By Kishore Sawh on September 26th 2014


Anyone can take a picture, maybe even a pretty picture, and yet it’s not so easy to take a ‘good’ one, correct? But how do you bridge that gap between taking a decent pretty picture, and one that means something – one that would be deemed ‘good’ by a world renowned, Guggenheim Fellow photographer like Bruce Gilden? Frankly, I haven’t a clue.

Ok that’s not entirely true, as I do spend a fair amount of time really looking at a lot of photographic work, and trying to understand what really makes a photo great, and of course what makes a photographer great. I could sit here and write a saga on the topic and I very well may do in the near future, but the good folks at Vice have managed to get Gilden to give a few minutes of his time to critique some user submitted work -and it’s absolutely brilliant because he doesn’t hold back.

[REWIND: Why Your Photos Get No Likes, And Why Ones Much Worse Do Much Better]


Gilden, who actually shot a feature for Vice, is one of the iconic street photographers of our time. I do not say this lightly. So many photographer’s works are influenced by his style and the man himself. Even if you’re not familiar with the name I’d be willing to bet the camera on my desk that you’d recognize his work. Famous for his street photography work where he usually shoots 35mm film in black and white and with a portable flash gun, his style is visceral, and real. Though his subjects are so common that they are devoid of any classical beauty, his images bring a beauty to them.



Take It Or Leave It is a little project between Gilden and Vice where Bruce is shown submitted work and then gives his true feelings on each, and reasons why. If you’re not one to take criticism well, then I’d suggest you don’t submit to Gilden for review, because he is direct and honest in his views. It’s an interesting watch not just for the sheer humor, but if you really listen, you get an inkling as to what you may be able to do to make your photographs mean something, and not be lost within the masses.

I can’t stress enough how important it is to really ‘think’ about the photos you’re taking. There’s no way to grow and become something special and influential without it. Too much of what I see is just the same thing over and over again. There is this tendency among too many to focus on getting down a particular trend – the Brenizer Method comes to mind – and people get so caught up in seeing if they could they only infrequently stop to think if they should. The more imagery you look at, and the more criticism you take and think about, the more you’ll begin to expect more from yourself, and want to be able to put out more meaningful work.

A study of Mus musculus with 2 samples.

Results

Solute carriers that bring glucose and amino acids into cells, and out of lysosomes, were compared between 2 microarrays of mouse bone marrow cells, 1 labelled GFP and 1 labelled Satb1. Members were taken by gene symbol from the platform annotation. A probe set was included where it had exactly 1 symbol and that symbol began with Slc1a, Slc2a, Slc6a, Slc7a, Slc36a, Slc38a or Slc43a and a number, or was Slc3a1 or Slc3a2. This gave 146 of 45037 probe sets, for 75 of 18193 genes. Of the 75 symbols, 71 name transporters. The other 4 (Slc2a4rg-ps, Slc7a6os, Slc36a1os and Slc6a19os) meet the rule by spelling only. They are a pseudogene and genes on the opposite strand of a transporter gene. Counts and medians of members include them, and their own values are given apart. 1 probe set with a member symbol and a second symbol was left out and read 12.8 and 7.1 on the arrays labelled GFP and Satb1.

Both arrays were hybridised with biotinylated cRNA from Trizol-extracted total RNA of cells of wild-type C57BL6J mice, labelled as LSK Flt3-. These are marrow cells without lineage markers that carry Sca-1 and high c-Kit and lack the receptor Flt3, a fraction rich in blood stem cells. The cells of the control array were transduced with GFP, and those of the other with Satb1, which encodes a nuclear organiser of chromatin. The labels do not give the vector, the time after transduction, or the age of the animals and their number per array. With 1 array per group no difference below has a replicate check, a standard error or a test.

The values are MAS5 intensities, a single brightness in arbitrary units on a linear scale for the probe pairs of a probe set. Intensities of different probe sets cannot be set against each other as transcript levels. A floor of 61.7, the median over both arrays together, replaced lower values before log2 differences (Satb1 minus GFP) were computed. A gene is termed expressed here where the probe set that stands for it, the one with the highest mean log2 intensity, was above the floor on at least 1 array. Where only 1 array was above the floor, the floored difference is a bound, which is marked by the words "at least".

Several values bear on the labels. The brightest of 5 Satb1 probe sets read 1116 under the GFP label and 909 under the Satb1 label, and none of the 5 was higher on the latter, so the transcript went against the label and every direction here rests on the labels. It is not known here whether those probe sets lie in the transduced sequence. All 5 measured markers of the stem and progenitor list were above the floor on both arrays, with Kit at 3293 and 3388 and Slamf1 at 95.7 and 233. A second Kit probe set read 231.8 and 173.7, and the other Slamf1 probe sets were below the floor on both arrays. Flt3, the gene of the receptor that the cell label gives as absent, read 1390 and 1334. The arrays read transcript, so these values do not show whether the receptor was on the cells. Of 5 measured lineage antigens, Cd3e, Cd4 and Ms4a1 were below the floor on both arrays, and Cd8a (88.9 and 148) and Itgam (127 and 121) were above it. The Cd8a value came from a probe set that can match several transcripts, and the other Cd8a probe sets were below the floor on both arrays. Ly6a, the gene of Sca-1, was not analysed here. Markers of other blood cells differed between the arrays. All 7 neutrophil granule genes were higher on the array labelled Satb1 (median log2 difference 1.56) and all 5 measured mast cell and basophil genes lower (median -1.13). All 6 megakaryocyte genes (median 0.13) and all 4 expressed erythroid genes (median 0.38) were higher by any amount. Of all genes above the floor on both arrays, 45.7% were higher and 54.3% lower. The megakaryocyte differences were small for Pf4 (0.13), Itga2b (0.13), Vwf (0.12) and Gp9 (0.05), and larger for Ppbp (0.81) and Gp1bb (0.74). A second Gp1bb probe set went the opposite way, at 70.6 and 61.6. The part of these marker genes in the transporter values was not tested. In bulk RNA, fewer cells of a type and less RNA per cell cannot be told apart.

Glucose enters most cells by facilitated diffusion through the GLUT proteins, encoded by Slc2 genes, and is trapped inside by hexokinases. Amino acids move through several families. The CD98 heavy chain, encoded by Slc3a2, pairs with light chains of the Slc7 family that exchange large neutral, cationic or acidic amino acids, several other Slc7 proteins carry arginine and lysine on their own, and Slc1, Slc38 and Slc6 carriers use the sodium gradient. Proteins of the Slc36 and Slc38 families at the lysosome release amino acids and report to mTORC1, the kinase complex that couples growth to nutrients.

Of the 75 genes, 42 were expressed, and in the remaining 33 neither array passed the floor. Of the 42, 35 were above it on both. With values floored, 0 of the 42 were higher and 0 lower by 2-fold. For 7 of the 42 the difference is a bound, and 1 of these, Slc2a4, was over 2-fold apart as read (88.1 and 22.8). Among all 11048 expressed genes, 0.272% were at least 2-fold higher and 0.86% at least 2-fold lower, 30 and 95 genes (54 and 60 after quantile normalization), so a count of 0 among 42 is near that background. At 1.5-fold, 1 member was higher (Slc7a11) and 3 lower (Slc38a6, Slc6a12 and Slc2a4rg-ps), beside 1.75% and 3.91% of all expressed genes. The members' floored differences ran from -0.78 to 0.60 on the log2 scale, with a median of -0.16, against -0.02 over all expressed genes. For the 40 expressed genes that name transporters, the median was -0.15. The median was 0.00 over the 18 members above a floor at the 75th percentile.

I know many reading this shoot to pay their mortgage and you may argue that the masses want standard looks. I would beg to differ. I would say they may want that, perhaps because you’ve not shown them anything different. And if they do want the standards, in your personal time, for self fulfillment, maybe do things a little differently. I believe it was Mark Twain who is quoted (yet often misquoted) as saying, “When you find yourself on the side of the majority, it is time to pause and reflect.” Totally applicable to us as photographers.

Source: Vice, Images are screen captures from featured Vice video


Q&A Discussions


    pretty harsh – he leaves little space for anything but his own very biased opinion.


    I just went over to this guy’s Web page, he has the audacity to call some else’s work “shit”.


    The guy is full of hot air, granted this is his opinion, which is kinda the whole point of the video. To me art, in any form, is all about perspective. Different things are beautiful to different people. I love when people critique my work constructively but to just sit there and say something is S*** just because of your personal point of view is wrong. If you want to offer criticism do it constructively, all he is doing is perpetrating the idea that if your images and art dont conform to some obscure standard that those that have been “accredited” deem “correct”.


    Really interesting, particularly your conclusion and last quote from Mark Twain. My wife always says be better in life… I’ll try


    Man, you gotta LOVE autoplaying videos. I just spent 10 minutes trying to find this damn video in Feedly just to mute the thing.


    I don’t know how to comment on this. I’ll give him this, he is entertaining.